Shrike, feeling out of place in an urban environment, let alone a palace tower, was beginning to sweat behind his mask. As he awkwardly scratched his face behind the sweltering leather, his peripheral vision was momentarily restored, coinciding with a flash of movement out the balcony window. Quickly crossing the room and opening the door, he saw a crumpled ball of paper on the balcony, and a hand clutching the rail. The hand released its grip and dropped out of sight. Looking over the railing to the street below, he saw a wagon train making its way into the city proper, and the swift movement of a snake’s tail disappearing into the throng of festive citizens.
The wagons, drawn by lumbering white beasts somewhere between goat and bison, were empty cages, most likely returning from Malignor’s slave market, ready for more cargo. As Shrike turned back to discuss the hand and snake with Felix, Eldon hastily pocketed the paper, brushing off enquiries with complaints about lax staff neglecting to properly clean the balcony.
Felix realised the hand and snake to be one and the same. Called “Hands of Fate”, these witch’s constructs are intended to surveil and occasionally murder. Shrike sent Arwen to track the homunculus.
Eldon resisted polite enquiry but it was soon apparent that not only was his hand bleeding, but a flower was blooming out of his pocket. Confronted with these observations, he conceded only that our heroes weren’t the only party engaged to save his daughter. Eldon was hedging his bets. Disappointed by the lack of results, and irritated by scrutiny, he ordered Taito to escort the party from the palace.
Across town, in a prison cell, Egil listened carefully as the freshly-extracted elven child fell silent. Biting a hole in his sackcloth hood, he managed to glimpse the scarved noblewoman crouched before the child, speaking softly and sweetly, her hands around the child’s. Whether by comfort or terror, this approach was working, but Egil felt no confidence that their fate would be any better, if not much worse, than those headed into slavery.
Attempting a third time to conjure the spirit of desire, he was assaulted by his infatuated cellmate. No, not in the way you think, dear readers: the half-drunk thief sharing the shaman’s cell only wanted to tug his totem away from him.
A fight broke out, Egil head-butting the thief, and the warden called out assertively for the pair to pipe down. Egil felt this was just as he liked it, and made even more commotion until the warden sent another guard into the cell to break it up.
Egil called the lightning , lashing out over his shoulder toward the bars of the cell, toasting the unsuspecting guard and tethering his lucky spirit, but also catching the attention of the nobles by the warden’s desk. The warden and another guard cautiously entered the cell, spears lowered to keep the shaman at bay, then Egil summoned a spectral python, which promptly trussed him like a ham as the thief retreated with his prize.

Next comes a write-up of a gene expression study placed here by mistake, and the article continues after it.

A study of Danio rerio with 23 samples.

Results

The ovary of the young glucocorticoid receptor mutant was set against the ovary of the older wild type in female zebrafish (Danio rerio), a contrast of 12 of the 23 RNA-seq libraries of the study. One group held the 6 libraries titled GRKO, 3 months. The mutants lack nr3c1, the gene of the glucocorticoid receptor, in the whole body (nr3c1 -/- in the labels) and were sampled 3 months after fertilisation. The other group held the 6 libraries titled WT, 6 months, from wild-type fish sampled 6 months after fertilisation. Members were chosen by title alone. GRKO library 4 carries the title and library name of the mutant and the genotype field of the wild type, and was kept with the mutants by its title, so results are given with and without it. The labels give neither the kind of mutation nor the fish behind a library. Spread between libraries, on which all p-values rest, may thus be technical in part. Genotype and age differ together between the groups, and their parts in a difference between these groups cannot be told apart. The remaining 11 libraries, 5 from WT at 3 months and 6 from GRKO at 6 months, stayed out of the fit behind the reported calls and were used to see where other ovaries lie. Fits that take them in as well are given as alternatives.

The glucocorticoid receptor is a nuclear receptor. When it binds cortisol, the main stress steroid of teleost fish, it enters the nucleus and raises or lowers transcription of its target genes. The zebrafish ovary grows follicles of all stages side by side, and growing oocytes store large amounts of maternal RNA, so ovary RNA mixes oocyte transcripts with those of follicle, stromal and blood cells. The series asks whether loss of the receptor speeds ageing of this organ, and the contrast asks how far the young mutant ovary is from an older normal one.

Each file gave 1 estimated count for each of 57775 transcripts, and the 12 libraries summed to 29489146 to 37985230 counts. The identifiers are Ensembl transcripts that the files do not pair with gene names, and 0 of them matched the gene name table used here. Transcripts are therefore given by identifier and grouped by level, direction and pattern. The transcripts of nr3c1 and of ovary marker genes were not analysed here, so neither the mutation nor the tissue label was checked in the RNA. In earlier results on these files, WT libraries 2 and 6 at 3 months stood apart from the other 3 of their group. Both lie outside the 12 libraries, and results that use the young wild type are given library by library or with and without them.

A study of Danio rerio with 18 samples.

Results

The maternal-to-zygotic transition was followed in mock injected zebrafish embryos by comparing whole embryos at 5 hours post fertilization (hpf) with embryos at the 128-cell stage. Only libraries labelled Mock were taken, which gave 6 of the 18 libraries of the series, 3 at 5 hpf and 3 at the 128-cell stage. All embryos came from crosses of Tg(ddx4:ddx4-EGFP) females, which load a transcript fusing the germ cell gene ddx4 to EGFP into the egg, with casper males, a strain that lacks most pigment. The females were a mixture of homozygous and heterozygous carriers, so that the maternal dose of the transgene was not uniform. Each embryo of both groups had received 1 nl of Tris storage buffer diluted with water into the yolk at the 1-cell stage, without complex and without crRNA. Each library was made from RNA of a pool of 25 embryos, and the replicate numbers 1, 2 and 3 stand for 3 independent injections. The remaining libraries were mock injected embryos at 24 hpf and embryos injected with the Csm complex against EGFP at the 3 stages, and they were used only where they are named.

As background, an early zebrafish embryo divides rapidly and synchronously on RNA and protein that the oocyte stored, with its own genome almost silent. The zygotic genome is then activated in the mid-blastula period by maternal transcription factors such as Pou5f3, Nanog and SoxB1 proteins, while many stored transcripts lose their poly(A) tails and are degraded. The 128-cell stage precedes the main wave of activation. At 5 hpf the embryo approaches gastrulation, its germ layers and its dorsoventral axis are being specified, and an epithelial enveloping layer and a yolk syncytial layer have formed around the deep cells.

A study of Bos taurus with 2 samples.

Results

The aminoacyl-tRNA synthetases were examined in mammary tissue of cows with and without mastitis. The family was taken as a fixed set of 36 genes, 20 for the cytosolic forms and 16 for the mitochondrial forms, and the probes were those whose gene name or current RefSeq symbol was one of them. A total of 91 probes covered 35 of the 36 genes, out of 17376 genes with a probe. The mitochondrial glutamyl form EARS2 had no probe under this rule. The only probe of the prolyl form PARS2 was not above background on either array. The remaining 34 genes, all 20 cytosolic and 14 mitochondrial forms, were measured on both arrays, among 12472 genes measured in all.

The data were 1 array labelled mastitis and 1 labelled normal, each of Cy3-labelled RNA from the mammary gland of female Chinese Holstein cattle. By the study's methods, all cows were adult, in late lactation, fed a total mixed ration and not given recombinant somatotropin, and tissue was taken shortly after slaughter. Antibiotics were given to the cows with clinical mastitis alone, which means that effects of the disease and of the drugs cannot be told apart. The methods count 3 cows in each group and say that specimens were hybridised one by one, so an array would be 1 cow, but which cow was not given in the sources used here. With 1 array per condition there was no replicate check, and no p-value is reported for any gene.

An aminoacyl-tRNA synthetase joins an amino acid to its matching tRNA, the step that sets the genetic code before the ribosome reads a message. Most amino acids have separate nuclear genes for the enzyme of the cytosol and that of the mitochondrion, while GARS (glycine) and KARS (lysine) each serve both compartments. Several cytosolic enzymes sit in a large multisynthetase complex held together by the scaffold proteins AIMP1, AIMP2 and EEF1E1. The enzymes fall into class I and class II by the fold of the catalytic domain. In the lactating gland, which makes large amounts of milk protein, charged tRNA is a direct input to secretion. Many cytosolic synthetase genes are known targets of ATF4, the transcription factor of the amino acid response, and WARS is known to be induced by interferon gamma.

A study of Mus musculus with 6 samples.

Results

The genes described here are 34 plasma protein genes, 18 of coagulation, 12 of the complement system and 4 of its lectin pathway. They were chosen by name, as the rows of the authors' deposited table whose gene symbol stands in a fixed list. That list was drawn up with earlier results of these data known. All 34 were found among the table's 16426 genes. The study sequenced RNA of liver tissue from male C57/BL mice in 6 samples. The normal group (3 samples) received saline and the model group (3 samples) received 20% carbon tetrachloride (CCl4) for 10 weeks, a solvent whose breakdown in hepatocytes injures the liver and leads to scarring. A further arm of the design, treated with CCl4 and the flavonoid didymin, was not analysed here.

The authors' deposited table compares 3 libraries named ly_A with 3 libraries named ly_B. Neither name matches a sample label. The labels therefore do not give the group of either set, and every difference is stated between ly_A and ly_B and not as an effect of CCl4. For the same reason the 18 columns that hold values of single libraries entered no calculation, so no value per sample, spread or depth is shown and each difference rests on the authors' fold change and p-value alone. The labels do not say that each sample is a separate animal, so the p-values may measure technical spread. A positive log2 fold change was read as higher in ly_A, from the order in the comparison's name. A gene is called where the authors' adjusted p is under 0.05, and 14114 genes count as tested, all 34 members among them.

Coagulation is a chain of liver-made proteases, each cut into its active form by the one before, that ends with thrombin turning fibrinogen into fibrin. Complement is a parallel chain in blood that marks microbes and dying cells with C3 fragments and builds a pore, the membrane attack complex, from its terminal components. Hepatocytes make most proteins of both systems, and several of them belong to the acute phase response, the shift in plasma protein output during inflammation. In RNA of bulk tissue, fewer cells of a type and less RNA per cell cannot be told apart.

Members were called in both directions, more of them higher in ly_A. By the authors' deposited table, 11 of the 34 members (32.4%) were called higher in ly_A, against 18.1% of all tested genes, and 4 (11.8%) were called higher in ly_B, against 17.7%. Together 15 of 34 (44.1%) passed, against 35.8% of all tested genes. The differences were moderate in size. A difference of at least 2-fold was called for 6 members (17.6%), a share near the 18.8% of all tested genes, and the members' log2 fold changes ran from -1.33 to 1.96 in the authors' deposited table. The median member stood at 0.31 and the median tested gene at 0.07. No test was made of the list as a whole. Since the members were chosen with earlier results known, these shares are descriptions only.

To the southwest, Ludwigron walked up to Eshrigel’s door and knocked. “I am Ludwigron, the great wizard” he announced, “and I propose a business arrangement which could prove to be mutually beneficial…”. He disappeared inside to discuss the finer points late into the night, over tea, beneath a large cage containing some kind of plasmic ghoul. A deal was struck to deliver the deadliest part of Eshrigel’s book to Zorlac, and in exchange, the gorgon would incapacitate some of the librarians, allowing the wizard time to peruse the library, procure his lost volume, and possibly purloin further tomes.
Upon exiting the palace, Shrike decided to sneak beneath the last wagon in the train, and quickly discovered the hand of fate had the same idea. Ellissendre tried to speak with the beasts of burden, but only riled them up. Baldric tried to climb astride one to calm it with music, but dropped his violin. Felix tried to retrieve the violin from beneath the feet of a beast but nearly broke her hand. Ellisendre tried to help but was knocked out of the way as Shrike swung his sword blindly at the creature on his leg, and Baldric sent a lucky arrow across to knock his violin out of harm’s way.
Shrike called for Arwen, who reluctantly approached the creature until it glared at her, giving him a moment to grab it by the wristneck and stuff it into a sack just as the wagon rolled away, leaving him in plain view on the street. The whole group cut their losses and legged it through the gate into Ironguard proper, ducking into the Hunting Needle pub for dinner, drinks, and rest.